22 May

Coal Creek, near Fernie, B.C.

Tremor Causes Disaster

Frances Shelley Wees, in a wonderful prose-poem called A Geography Lesson, described the Rockies: "They are like giants sleeping under a ragged green blanket piled with snow. Some day, you think, watching them crowd up against the sky, some day they will wake, or turn in their dreaming, and shatter the world."

Occasionally the Rockies have turned in their dreaming, or perhaps just shuddered a little, and results have been devastating. On May 22, 1902, the little mining town of Coal Creek, near Fernie, experienced disaster when a tremor caused the cave-in of a coal mine and 128 men were killed.

After the Coal Creek disaster, a policeman in town said openly that he wished a few hundred more men had been killed. The miners who were left held a court-martial and were ready to hang him. Calmer heads prevailed. They stripped him of his uniform and hustled him through all the mining towns of Alberta, showing him off. The policeman never came back.

Life was exciting in the foothills of the Rockies in those days. There was danger from nature, Indians, wild animals and rustlers from the north and south. During the Klondike gold rush, the Northwest Mounted Police chased out as many of the gamblers, swindlers and suspected murderers as they could. Many of them went to the mining towns like Fernie. The gamblers would wait for the paydays of the miners and railway construction workers, and take their money from them. There were thirteen hotels in the Crowsnest Pass, running wide open, and the gamblers would get most of the workers' money between Saturday and Monday.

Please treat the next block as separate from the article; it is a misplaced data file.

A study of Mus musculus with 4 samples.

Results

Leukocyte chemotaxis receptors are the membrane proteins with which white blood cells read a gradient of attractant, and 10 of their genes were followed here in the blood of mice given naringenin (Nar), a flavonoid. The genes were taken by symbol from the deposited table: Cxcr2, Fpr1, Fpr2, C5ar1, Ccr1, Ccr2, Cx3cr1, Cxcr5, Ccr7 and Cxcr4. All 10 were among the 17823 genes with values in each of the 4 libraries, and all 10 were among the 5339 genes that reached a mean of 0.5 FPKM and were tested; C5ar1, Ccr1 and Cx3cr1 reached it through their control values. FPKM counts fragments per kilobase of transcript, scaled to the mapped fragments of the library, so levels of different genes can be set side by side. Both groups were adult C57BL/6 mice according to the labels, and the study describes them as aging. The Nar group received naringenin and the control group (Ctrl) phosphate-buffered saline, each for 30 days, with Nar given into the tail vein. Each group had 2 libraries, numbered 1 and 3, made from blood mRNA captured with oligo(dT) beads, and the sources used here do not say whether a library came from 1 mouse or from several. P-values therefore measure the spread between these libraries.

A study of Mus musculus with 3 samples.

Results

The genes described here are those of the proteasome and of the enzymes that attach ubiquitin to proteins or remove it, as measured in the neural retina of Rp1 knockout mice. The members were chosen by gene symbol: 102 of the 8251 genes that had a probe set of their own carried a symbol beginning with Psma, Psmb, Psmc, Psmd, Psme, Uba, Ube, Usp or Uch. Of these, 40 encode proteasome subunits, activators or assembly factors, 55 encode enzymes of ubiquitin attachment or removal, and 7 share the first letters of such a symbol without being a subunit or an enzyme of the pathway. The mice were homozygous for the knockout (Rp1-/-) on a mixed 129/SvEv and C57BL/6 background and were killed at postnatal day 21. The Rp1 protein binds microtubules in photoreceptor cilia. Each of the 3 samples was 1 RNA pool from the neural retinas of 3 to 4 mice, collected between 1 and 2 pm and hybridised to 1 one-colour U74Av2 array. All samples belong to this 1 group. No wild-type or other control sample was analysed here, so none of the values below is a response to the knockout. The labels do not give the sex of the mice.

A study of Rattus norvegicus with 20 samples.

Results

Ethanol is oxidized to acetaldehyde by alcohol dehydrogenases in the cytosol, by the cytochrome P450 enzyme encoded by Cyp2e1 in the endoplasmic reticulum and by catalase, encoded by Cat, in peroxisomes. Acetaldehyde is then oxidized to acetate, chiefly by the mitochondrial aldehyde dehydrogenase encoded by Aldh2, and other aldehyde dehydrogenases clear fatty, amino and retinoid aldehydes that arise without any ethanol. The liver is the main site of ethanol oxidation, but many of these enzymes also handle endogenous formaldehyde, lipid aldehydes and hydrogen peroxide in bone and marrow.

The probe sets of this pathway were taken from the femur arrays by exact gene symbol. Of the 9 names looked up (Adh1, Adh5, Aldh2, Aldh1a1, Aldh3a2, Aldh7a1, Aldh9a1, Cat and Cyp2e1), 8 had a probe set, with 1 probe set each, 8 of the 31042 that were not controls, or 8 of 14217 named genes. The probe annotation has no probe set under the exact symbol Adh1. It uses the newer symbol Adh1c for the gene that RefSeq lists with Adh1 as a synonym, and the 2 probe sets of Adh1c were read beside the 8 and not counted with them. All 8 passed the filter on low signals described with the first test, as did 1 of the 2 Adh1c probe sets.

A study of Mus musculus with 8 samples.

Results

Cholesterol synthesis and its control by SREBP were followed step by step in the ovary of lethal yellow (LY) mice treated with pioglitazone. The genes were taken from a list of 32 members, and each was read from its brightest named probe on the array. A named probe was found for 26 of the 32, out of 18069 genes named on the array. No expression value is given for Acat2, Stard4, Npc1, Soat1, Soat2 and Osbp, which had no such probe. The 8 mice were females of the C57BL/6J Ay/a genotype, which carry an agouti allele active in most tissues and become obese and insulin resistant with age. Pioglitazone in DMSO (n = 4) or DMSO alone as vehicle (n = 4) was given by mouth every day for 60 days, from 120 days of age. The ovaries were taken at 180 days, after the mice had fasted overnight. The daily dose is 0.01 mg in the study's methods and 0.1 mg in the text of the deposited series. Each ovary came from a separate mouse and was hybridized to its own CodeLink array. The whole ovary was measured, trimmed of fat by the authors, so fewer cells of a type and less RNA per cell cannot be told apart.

The only doctor in the area, Saul Bonne11, worked for the C.P.R. He spent most of his time patching broken heads and stitching up wounds from knife fights. During 1898, when the Crowsnest Pass was under construction, there was a typhoid epidemic. Dr. Bonne11 would have as many as sixty patients lying on the straw. Whenever a blanket was shaken, lice would jump out everywhere.


22 May

-1808    Simon Fraser left Fort St. James, British Columbia, for a trip down the river that now bears his name.

-1815    Fort Niagara was restored to the United States.

-1820    Lord Dalhousie laid the cornerstone of Dalhousie University.

-1867    Queen Victoria proclaimed at Windsor Castle that the British North America Act would go into effect July 1, and named seven ty-two senators— thirty-six Conservatives, and thirty-six Reformers.

-1872    The Earl of Dufferin was made Governor-General of Canada.

-1893    The Earl of Aberdeen was made Governor-General of Canada.

-1906    British forces were withdrawn from Esquimalt, British Columbia; they were the last British forces in Canada.

-1919    The House of Commons passed a bill prohibiting titles for Canadians.

-1945    The government announced that Japanese incendiary balloons had been found in Western Canada.